Information for Patients
Fetal Health and Development
A normal pregnancy lasts nine months. Each three-month period of pregnancy is called a trimester. During each trimester, the fetus grows and develops. Regular medical checkups and prenatal tests are very important. They can
- Help keep you and your baby healthy
- Spot problems with your baby (if there are any). In some cases, health care professionals can treat the problem before your baby is born. But even when they cannot, it can still be helpful to know about the problem early on. That gives you time to learn about your baby's condition and prepare for any challenges you may face after the baby is born.
- Prevent problems during delivery. For example, if your baby is breech (bottom first or feet first, instead of head first), you may need to have a Cesarean section to avoid complications.
Besides getting medical care, there are other things you can do to keep your baby as healthy as possible. It's important not to drink or smoke. Try to eat a healthy diet and make sure to take care of any health problems you have during pregnancy.
- Fetal development (Medical Encyclopedia)
- Intrauterine growth restriction (Medical Encyclopedia)
Infections and Pregnancy
During pregnancy, some common infections like the common cold or a skin infection do not usually cause serious problems. But other infections can be dangerous to you, your baby, or both. Some infections may lead to preterm birth and low birth weight babies. Others can cause serious illness, birth defects, and lifelong disabilities, such as hearing loss or learning problems.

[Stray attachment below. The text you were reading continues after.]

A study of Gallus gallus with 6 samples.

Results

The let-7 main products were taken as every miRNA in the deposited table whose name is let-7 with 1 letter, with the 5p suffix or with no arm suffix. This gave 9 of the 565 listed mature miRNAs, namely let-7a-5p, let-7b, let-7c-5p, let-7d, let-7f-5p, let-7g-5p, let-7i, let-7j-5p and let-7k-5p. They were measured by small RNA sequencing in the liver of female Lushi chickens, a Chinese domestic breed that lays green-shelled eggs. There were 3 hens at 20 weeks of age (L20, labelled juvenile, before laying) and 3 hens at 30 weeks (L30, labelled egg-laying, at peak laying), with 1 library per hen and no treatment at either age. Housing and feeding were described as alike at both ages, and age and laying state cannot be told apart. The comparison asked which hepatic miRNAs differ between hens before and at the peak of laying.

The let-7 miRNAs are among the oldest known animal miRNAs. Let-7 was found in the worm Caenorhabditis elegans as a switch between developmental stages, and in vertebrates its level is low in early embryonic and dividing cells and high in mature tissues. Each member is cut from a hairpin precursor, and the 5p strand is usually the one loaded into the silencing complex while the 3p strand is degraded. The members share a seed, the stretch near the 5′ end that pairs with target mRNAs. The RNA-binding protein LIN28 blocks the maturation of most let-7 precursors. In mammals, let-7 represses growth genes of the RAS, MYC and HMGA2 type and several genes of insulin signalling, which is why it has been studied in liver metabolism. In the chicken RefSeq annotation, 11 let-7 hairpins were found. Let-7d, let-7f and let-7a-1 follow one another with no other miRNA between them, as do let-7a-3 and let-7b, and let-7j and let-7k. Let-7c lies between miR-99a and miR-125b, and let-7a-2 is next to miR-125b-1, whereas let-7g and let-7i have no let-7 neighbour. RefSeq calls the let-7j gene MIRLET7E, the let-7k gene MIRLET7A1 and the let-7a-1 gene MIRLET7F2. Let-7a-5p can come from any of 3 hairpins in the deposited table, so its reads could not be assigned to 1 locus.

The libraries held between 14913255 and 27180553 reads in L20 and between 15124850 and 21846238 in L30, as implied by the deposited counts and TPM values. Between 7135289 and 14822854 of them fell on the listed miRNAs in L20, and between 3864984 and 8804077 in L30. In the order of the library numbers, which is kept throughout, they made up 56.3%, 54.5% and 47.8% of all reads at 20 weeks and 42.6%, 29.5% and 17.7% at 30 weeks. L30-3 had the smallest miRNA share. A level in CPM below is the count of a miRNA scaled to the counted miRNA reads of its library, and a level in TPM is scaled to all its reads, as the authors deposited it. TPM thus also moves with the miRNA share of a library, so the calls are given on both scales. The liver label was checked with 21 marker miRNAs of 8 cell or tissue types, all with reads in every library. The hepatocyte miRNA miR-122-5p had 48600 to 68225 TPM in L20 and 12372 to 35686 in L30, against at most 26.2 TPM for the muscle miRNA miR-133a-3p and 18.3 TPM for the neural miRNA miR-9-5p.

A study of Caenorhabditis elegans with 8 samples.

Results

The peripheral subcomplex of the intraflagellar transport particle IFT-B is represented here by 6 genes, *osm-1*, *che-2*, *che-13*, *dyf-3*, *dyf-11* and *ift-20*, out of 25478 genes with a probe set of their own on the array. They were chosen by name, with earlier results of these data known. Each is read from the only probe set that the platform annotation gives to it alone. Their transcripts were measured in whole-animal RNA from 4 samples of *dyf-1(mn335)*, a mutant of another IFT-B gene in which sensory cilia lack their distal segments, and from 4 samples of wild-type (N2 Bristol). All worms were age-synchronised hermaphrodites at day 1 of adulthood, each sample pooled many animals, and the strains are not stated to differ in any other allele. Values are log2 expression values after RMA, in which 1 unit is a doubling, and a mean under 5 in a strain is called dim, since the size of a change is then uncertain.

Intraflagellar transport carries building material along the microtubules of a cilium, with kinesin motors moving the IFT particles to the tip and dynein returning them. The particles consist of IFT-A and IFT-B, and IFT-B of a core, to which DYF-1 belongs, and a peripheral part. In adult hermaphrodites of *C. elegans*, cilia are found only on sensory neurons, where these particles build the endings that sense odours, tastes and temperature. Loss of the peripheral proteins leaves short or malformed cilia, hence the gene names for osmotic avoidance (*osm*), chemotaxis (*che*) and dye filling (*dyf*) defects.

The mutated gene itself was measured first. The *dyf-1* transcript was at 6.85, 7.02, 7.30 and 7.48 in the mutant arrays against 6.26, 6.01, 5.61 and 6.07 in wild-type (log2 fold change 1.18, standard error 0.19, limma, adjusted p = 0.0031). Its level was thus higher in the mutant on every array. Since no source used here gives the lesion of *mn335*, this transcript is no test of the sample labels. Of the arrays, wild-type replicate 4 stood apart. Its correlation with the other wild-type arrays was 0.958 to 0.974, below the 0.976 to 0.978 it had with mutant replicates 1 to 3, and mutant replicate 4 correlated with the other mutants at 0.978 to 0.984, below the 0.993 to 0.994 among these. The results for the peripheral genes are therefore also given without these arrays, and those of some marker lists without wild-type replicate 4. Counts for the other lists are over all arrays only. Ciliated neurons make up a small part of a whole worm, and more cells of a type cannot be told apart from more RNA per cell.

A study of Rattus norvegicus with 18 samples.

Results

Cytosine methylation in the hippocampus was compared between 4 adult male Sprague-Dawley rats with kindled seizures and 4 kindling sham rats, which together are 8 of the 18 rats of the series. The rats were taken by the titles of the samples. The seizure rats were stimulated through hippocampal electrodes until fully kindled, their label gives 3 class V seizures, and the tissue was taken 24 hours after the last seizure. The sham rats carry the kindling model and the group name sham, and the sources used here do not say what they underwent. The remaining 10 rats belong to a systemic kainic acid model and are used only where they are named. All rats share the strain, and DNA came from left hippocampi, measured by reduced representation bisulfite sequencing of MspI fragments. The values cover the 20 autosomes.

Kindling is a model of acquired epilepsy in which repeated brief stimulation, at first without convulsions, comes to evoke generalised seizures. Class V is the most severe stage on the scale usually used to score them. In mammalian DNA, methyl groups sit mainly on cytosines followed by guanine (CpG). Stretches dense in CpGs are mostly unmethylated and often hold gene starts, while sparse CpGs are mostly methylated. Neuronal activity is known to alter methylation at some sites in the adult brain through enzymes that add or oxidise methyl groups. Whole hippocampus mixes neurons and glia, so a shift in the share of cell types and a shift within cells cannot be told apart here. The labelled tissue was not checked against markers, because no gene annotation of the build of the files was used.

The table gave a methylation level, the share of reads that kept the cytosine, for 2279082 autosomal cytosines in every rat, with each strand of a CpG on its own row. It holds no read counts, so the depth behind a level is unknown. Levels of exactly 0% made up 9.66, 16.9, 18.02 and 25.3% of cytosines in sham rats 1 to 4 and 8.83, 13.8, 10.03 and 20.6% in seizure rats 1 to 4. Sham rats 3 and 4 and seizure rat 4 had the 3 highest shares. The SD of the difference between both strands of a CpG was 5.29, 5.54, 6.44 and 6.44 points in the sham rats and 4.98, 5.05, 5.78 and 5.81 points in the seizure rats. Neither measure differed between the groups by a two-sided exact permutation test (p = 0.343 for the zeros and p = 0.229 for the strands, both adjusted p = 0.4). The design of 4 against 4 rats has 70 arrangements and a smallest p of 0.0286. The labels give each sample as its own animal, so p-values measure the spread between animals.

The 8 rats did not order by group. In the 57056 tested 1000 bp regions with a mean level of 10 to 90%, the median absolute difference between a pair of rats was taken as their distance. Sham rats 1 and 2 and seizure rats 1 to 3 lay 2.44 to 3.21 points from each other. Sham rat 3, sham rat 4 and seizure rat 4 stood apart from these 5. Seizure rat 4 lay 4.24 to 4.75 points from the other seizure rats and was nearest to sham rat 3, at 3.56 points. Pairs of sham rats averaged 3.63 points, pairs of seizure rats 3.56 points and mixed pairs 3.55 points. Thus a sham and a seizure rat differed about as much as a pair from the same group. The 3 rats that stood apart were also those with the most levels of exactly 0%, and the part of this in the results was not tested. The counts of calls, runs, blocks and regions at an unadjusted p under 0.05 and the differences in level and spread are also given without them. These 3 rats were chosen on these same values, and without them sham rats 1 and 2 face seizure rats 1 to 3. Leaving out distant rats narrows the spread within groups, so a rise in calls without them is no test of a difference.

Some of the infections that can be dangerous during pregnancy include
- Bacterial vaginosis (BV)
- Group B strep (GBS)
- Sexually transmitted diseases
- Urinary tract infections
- Yeast infections
- Zika virus
To try to prevent infections,
- Don't eat raw or undercooked meat
- Don't share food or drinks with other people
- Wash your hands frequently
- Don't empty cat litter. Cats can transmit toxoplasmosis.
If you do get an infection during pregnancy, contact your health care provider about how best to protect you and your baby. Only some medicines are safe during pregnancy.
- Group B streptococcal septicemia of the newborn (Medical Encyclopedia)
- Group B streptococcus - pregnancy (Medical Encyclopedia)
- Immunization and Pregnancy (Centers for Disease Control and Prevention)
- Pregnancy and the flu (Medical Encyclopedia)
- Pregnant Women Need a Flu Shot (Centers for Disease Control and Prevention)
- Protect Your Baby for Life: When a Pregnant Woman Has Hepatitis B (Centers for Disease Control and Prevention)
- Toxoplasmosis: An Important Message for Women (Centers for Disease Control and Prevention)
General Equivalence Map Definitions
The ICD-10 and ICD-9 GEMs are used to facilitate linking between the diagnosis codes in ICD-9-CM and the new ICD-10-CM code set. The GEMs are the raw material from which providers, health information vendors and payers can derive specific applied mappings to meet their needs.
- Approximate Flag - The approximate flag is on, indicating that the relationship between the code in the source system and the code in the target system is an approximate equivalent.
- No Map Flag - The no map flag indicates that a code in the source system is not linked to any code in the target system.
- Combination Flag - The combination flag indicates that more than one code in the target system is required to satisfy the full equivalent meaning of a code in the source system.